I'M GOING TO STOP YOU AND I WANT YOU TO TELL ME WHO WAS, BECAUSE NOBODY HEARS MY VOICE. OK. GO RIGHT AHEAD.
One of the most disturbing points that I have uh, observed in people who either write or talk about the movement in 1960 in Albany, has to do with Chief Pritchett, the then police chief. They say that he was nonviolent. How could a man be nonviolent who observed people being beaten with billy clubs, uh, one young lady was dragged up the steps of the uh courthouse, after being arrested, by uh, her hair. Another man, Reverend Samuel Wells, was uh dragged uh into the courtroom with his, by his gonads. Uh, one person was hung in the, in the uh, in the jailhouse, by his thumbs. All under the direction and authorization and uh officiating of this nonviolent police chief, Laurie Pritchett. Uh, I just don't understand how they could come up with this, but it has uh has been the case. People who were taken out to the counties, uh, because they couldn't hold us, the jail couldn't hold us
[That was a rollout on Camera Roll 187. Going to Camera Roll 188.]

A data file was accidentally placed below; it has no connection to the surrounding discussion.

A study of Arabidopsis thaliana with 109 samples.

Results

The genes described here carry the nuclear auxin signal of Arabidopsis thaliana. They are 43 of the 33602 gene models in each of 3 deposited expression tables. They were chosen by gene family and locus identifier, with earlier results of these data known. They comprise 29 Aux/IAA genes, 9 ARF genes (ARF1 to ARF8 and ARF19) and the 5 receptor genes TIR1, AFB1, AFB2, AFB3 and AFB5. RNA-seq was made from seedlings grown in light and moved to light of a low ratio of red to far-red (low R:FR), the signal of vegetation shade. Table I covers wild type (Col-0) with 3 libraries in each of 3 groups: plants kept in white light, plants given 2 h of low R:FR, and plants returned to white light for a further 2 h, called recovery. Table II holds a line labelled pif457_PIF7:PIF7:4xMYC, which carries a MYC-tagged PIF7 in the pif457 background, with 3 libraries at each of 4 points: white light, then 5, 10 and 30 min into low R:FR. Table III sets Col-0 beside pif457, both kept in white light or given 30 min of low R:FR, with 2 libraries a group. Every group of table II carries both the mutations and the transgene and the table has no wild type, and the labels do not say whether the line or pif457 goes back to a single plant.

I remember a statement that Chief Pritchett made to me, one time, when he says, "You know, Sherrod, it's just a matter of mind over matter. I don't mind, and you don't matter."** And that statement was certainly true of people that he sent to Tarrell County and Baker County, cause I was, I witnessed myself, the uh deputy sheriff slapped me almost unconscious, just because I said yes, and no. Those were the early days when I didn't know that uh you just didn't say yes or no to these white folks, you had to say yes, sir, and no, sir. And the same things were done a thousand times all over the country. They took the heat off us in the winter, and the summertime, they cut the heat on, and uh wouldn't give us any blankets, or mattresses, and they stuffed forty people in cells. This happened all over southwest Georgia, in all the counties where, in fact, one lady, as I said, lost her child. I think that was about the worst incident that we felt.